Too Hot for Kids and Pets to be Left in a Vehicle
It should go without saying, but I’m going to say it anyways: Don’t leave your kids and pets in your car this summer. I personally witnessed dogs left in cars with the windows either closed or open just a crack on 80 degree days and heard of someone finding two small kids left in a car with the windows up on a 90 degree day. What is wrong with people?
According to Consumer Reports from 1998 to May 2011 500 children have died because they were left in hot vehicles. You should never leave your child or pet in a car for any amount of time, no matter how short, it is very dangerous. Children and animals cannot tolerate heat as well as adults and are more susceptible to hyperthermia. Hyperthermia is when the body produces or absorbs more heat than it can dissipate, which can lead to brain damage, kidney failure and even death. More than half of all child hyperthermia deaths in the United States from 1998 to 2009 were children under 2 years old.
You might be surprised to hear that temperatures in a closed automobile rose approximately 19 degrees in just 10 minutes, 29 degrees after 20 minutes, 34 degrees in 30 minutes and 43 degrees in an hour. The temperature could rise up to 50 degrees higher than the outside temperature after a second hour, according to a study by San Francisco State University (SFSU).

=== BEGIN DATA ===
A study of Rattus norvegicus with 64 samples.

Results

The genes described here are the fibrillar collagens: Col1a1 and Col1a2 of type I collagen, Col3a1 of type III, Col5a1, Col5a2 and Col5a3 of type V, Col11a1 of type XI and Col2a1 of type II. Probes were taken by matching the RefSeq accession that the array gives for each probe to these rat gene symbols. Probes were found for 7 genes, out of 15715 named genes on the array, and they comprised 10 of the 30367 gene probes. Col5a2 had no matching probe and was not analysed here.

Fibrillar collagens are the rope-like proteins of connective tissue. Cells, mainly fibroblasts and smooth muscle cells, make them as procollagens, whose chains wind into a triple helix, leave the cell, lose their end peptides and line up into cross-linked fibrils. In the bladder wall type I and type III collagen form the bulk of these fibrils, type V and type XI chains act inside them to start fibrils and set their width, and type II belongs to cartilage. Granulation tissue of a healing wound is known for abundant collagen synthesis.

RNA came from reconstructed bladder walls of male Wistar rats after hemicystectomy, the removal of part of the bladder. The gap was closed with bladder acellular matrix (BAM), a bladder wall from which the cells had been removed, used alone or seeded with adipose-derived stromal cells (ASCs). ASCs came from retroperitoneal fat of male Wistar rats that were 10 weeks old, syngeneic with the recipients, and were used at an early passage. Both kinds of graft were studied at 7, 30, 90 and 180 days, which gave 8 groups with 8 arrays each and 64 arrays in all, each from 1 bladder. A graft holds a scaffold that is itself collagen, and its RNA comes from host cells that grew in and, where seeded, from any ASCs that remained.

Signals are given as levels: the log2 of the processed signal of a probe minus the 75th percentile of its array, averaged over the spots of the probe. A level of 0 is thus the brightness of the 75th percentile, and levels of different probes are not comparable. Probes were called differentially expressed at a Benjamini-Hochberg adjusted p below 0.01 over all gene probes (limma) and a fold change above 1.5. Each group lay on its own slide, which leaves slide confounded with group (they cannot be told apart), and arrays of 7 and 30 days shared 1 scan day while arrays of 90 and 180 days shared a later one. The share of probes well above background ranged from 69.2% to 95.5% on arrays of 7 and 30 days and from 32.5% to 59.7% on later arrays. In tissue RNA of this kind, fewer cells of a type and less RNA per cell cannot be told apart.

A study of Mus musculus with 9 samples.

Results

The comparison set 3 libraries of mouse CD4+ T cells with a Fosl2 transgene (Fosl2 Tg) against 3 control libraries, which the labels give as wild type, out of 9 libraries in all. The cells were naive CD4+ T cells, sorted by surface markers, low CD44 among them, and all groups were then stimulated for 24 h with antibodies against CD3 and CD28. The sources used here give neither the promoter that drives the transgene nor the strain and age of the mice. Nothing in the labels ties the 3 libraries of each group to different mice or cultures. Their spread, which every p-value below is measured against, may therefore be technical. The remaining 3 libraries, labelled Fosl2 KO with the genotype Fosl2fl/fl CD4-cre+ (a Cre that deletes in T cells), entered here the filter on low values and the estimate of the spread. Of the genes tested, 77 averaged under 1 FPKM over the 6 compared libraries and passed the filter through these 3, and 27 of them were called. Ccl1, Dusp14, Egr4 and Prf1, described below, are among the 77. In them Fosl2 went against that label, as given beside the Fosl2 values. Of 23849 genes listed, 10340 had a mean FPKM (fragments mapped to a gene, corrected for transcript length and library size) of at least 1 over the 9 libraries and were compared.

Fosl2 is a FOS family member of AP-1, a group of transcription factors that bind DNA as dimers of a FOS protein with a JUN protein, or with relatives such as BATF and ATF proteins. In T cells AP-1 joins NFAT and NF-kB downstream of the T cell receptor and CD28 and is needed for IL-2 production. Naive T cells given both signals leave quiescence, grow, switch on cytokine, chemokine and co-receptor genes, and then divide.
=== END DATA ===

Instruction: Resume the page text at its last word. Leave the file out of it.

With an outside temperature of 82 degrees, the closed automobile registered 109 degrees inside according to a study done by The Animal Protection Institute (API). When the outside temperature rose to 112 degrees, the closed vehicle reached an astonishing 124 degrees. The study also measured vehicles with cracked windows. With all four windows cracked, an 88-degree day outside still reached a scorching 103 degrees inside the car. Later that day, when the temperature outside got to 110 degrees, the temperature inside the car still rose to 123 degrees!
It doesn’t matter whether you leave the windows cracked or not. It is still a death sentence for your child or pet to leave them in a vehicle, in even 80 degree weather for a short amount of time. Don’t do it! If you see a child in a hot vehicle, don’t hesitate – call 9-1-1! Every minute counts. You could save a child’s life.
Joy Larson is a mother of four boys, graduate of The University of Montana, animal lover and writer.